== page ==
The year 2012 is a moment in time that marks a number of significant historical events, places, people, epochs and eras. A few prominent examples are the centenary of Alexandra Township, the centenary of Sophiatown, the centenary of the Voortrekker Museum and the centenary of the formation of the African National Congress (the oldest liberation movement in Africa).
The year 2012 therefore has the potential to provide an impetus and serve as a foundation for a forward thrust in our efforts to identify, collect, protect and promote our heritage to deepen social cohesion and nation building and to serve as both catalyst and driver of sustained development. The year 2012 presents opportunities for South Africa to usher in a new era in the history of heritage preservation and promotion in our country.
The year is characterised by a plethora of commemorative activities that highlights the significance of our rich and diverse heritage. It has begun to witness the unveiling of our monuments and memorials that pay homage to those who made the supreme sacrifice during the wars of resistance and in the struggle for our liberation. It is also seeing the launch of new projects with similar intentions.
The year 2012 is therefore seen as both the culmination of work that has been done over a number of years as well as the launch of new projects that will go a long way in transforming the heritage landscape. The envisaged transformation should not only be seen in terms of conceptual/ ideological change, but also change that will impact positively on the socio-economic well-being of communities within which these projects are located.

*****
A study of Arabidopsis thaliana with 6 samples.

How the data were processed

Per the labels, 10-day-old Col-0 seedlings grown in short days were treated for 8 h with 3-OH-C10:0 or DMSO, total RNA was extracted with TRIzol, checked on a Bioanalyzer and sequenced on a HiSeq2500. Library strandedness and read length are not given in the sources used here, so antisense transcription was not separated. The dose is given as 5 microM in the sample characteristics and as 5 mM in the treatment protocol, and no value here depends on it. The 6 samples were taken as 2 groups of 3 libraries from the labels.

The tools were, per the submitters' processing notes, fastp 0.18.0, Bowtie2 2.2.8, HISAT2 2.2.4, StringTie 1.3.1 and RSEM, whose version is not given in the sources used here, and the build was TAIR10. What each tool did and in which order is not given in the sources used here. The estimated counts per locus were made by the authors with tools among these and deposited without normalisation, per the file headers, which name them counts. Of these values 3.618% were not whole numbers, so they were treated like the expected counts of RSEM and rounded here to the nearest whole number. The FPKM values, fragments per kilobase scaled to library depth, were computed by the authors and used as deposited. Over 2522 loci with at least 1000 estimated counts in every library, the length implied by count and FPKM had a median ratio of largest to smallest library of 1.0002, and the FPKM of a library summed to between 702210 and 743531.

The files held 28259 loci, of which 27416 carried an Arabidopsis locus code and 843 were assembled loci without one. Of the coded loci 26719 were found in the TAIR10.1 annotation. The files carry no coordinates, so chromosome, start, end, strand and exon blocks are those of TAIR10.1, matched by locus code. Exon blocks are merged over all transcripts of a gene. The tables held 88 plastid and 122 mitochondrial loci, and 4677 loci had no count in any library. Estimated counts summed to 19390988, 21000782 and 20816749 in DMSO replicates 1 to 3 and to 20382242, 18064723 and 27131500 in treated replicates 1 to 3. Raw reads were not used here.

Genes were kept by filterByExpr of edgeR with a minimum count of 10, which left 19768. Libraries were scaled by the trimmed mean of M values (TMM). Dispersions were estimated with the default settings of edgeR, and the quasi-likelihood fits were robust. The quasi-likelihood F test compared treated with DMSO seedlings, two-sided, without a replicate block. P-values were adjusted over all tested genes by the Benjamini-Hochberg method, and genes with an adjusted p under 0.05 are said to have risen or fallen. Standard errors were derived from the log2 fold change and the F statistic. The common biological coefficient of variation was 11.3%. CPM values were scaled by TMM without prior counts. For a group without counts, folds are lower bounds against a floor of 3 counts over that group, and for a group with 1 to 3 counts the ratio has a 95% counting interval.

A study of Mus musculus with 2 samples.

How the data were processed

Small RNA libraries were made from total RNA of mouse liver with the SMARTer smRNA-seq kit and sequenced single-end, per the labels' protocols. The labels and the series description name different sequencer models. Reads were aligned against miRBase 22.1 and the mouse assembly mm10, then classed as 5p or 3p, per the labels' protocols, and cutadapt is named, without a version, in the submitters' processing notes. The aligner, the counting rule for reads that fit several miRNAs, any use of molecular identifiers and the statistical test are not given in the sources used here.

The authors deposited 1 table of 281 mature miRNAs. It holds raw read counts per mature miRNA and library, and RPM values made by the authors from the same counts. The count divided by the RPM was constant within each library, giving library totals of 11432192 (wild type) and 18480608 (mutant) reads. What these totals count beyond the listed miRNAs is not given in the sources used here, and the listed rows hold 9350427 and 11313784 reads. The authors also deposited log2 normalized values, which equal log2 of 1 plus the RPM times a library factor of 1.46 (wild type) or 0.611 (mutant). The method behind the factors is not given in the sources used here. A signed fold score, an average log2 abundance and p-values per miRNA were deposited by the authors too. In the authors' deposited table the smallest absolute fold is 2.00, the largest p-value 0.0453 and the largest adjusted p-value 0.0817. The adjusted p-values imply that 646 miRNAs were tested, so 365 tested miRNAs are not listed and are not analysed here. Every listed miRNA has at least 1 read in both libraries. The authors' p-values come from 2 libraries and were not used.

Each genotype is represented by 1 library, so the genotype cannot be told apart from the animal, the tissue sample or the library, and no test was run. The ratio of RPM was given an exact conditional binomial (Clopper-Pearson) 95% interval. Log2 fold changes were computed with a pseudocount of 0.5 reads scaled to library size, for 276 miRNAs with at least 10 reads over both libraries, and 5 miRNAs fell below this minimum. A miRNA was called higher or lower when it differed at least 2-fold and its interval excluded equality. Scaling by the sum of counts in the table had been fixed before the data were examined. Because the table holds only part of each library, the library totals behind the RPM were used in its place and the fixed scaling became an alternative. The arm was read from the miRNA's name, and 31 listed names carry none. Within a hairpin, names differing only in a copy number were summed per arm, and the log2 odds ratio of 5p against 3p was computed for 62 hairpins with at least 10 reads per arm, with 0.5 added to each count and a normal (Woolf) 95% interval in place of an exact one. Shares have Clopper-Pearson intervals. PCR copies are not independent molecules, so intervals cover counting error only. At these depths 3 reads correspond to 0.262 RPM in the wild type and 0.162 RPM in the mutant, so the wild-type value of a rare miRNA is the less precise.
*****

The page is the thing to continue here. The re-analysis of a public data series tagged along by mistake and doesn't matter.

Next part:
This will ensure that heritage becomes one of the major catalysts in the implementation and the realisation of Mzansi’s Golden Economy – a key driver of the New Economic Growth Path.
The ASDY Programme is working towards greater arts access for all communities, particularly marginalised groups. These groups include disadvantaged women, youth-at-risk, families in crisis, children without access to early childhood development initiatives and people with disabilities.
One project supported under Arts Access is the Arts in Correctional Facilities. This focus of this project is the use of various arts in the rehabilitation of offenders. It also supports the social re-integration of offenders into society, using the arts as a bridge between the offender and society.
Another is art therapy under the auspices of the Art Therapy Centre. This project uses the arts as a healing tool for children and families who are survivors of various abuses. The healing process is based on the use of arts as a means of self-expression.
The Department launched the National Youth into Arts Programme (YAP) in Mdantsane, in 2008. This programme encourages the youth to choose the arts, culture and heritage as serious and dignified careers. YAP also creates dialogues, explores possibilities of socio-economic opportunities and skills development for the youth in the arts, culture and heritage fields. YAP aims to broaden exposure to various aspects of arts business and management with a view to creating sustainable socio-economic and socio-cultural opportunities.
For more information regarding the ASDY programmes, contact the Chief Directorate: Arts, Social Development and Youth at Tel: 012-441-3055 or 012-441-3071.